Worship Through Celebration
Open Your Bible
Exodus 23:14-17, 2 Samuel 6:1-23, Acts 2:46-47, Revelation 19:6-9, 1 Corinthians 10:31
When I was seven or eight, I went to a Vacation Bible School with one of my friends. Her church was huge, much bigger than the one I attended every Sunday with my parents, and VBS was the biggest event of the summer. I remember being in awe throughout the morning session, which was complete with flashing lights, teenagers-turned-VBS-couselors performing skits on stage, and a David Crowder song based on part of the NIV translation of 2 Samuel 6:22: “I will become even more undignified than this.” The first few lyrics of the song are forever etched in my memory. I can still picture hundreds of kids jumping around the room singing: “I will dance, I will sing, to be mad for my King. / Nothing, Lord, is hindering this passion in my soul…” That’s the first time that I remember feeling like worship was a celebration.
Celebration occurs all throughout Scripture—beautiful examples of people being reminded, and in turn, reminding one another, of who God is and what He has done. In Exodus 23, the Israelites are given specific instructions to celebrate throughout the year as a reminder of what God had done for them. And in Acts 2, we get a glimpse into how the early Church celebrated when they met together to praise God.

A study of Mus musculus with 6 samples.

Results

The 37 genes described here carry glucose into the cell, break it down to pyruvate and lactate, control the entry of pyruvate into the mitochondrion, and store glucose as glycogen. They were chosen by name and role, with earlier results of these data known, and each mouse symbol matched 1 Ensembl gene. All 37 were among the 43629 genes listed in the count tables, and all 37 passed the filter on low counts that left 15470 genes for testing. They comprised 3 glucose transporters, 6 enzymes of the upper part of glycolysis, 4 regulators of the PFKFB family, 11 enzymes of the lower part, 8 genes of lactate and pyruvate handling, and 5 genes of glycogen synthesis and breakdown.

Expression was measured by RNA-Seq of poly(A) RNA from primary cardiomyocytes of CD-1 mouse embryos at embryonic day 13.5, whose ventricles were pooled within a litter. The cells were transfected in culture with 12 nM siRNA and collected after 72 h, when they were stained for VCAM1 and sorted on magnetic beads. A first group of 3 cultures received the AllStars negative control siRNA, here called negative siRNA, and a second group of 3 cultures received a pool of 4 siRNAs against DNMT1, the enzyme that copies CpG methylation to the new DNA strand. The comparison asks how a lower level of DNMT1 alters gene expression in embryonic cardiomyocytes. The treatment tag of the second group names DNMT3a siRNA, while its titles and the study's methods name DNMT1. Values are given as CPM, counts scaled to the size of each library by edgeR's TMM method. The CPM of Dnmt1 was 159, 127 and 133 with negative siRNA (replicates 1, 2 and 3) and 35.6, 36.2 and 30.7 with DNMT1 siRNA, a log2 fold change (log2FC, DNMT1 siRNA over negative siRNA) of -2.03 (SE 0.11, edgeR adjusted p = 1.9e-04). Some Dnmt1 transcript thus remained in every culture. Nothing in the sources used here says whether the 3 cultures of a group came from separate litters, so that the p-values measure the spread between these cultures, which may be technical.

In 2 Samuel 6, we read about the all-out worship of King David before his God. He was “leaping and dancing before the LORD” (v.16), celebrating the arrival of the ark of the covenant in Jerusalem. However, his wife, Michal, thought his celebration was undignified and dishonoring. But David kept on celebrating, telling her, “I will dance before the LORD, and I will dishonor myself and humble myself even more” (vv.21–22).
Since that morning at VBS, I’ve worshiped through celebration countless times. Any time we are gathered with other people to rejoice in what God has done or is doing in our lives, we worship and honor our God. Sometimes that takes the form of worship as we normally think of it, as singing, praying, and rejoicing, And sometimes, it can look a little different, like an outright, good ole celebration—birthday dinners and wedding receptions, baptisms and showers.
It’s important to remember that celebration can be a form of worship—a response to who God is and what He has done. And when we remember all that He has done for us, of course our response should be celebration! We have received grace upon grace in Christ, and that is worth celebrating.